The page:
The recession has caused a greater percentage of African-American 401(k) plan participants to reduce contributions compared with white participants, according to Ariel Investments' Black Investor Survey.
The survey of 501 blacks and 505 whites found 27% of black participants reduced their monthly contributions, while only 16% of whites did so during the past two years, according to a news release on the survey's findings. Among non-retired participants, 22% of blacks and 14% of whites withdrew or borrowed money from their retirement accounts, during that time.
“The recession exacerbates the differences” between black and white retirement-savings behavior, Mellody Hobson, president of Ariel, said in an interview.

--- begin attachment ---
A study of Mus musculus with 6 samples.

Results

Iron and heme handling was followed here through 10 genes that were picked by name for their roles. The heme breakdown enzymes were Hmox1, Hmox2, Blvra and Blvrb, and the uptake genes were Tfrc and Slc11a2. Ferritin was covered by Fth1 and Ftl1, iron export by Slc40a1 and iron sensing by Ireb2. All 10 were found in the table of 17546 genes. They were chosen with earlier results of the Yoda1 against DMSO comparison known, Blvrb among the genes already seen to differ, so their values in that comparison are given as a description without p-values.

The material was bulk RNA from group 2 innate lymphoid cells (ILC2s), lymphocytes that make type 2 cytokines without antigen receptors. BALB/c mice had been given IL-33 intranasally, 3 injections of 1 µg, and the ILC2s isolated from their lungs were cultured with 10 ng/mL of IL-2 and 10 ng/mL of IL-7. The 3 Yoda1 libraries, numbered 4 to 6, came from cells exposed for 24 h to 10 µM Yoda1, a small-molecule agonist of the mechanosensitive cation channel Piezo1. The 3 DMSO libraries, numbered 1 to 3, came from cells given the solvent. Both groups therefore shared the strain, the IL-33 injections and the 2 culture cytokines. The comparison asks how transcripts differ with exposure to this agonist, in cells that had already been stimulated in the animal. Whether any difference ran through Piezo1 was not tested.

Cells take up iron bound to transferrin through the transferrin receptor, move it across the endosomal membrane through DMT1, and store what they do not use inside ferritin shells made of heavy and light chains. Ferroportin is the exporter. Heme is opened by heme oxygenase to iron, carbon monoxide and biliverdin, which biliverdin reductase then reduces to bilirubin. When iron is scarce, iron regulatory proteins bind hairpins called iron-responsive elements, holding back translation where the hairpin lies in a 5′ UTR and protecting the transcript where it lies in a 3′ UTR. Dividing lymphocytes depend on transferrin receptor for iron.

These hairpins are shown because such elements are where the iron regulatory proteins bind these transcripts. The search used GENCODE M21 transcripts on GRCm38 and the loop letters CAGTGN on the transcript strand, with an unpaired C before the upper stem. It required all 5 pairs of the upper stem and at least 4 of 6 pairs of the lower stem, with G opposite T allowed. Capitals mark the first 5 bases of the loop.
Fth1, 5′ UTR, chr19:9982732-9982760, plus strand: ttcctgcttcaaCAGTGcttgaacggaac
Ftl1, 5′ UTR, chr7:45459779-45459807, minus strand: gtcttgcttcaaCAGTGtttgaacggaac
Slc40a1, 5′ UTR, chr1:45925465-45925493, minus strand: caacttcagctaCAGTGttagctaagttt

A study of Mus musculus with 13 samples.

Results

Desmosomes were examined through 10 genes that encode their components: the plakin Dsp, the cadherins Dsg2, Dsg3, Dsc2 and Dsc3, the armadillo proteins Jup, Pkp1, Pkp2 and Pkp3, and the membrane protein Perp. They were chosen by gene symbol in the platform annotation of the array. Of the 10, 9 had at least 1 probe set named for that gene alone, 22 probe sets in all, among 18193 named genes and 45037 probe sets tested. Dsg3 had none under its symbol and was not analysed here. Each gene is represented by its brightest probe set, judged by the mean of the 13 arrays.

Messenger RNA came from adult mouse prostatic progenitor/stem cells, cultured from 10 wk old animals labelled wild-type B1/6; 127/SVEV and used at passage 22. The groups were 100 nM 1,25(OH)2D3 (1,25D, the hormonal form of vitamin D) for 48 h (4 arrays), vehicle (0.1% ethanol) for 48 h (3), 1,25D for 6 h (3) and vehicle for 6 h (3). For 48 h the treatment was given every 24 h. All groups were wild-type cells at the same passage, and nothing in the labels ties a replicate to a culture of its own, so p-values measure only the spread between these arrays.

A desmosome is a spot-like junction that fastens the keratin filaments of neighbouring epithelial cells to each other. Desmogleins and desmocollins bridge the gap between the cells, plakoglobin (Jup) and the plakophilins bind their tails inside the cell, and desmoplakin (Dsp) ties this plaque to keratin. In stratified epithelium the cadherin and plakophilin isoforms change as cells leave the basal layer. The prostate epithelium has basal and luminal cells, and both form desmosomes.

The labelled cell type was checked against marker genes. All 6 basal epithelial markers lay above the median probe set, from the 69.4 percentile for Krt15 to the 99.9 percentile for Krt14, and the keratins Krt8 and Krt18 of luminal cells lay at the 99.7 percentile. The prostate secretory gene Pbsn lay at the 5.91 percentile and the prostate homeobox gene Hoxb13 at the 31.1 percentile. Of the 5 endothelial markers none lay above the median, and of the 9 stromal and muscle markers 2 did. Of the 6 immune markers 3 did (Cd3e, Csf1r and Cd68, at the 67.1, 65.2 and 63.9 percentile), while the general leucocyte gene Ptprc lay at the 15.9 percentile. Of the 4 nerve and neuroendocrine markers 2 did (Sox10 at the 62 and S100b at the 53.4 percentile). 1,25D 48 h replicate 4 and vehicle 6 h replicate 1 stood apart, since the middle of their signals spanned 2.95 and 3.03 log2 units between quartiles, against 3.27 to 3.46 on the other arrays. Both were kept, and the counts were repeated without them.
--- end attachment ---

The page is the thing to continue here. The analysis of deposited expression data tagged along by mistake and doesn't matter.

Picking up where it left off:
The money management company has conducted the survey each year since 1998, and the results — whether in good or bad economic times — consistently show that blacks save less and invest less than whites at similar income levels, the news release said.
Ms. Hobson said the survey is part of the company's education effort to encourage blacks to save more for a retirement. “We want to create a conversation so that when the next recession comes around, they'll have more of a nest egg,” she said.
However, Ms. Hobson also noted that “even in boom times, no one — blacks, whites, Hispanics — save enough.”
The median monthly contribution blacks make to their retirement plans is $230 compared with $337 by whites, according to the survey. Black participants have a median 401(k) account balance of $56,000 vs. $106,000 for whites.
The Ariel survey was based on a random sample of households earning more than $50,000 annually. The survey, conducted by Argosy Research, was administered by telephone April 7 to May 2, the news release said; the margin of error is approximately 4.5%.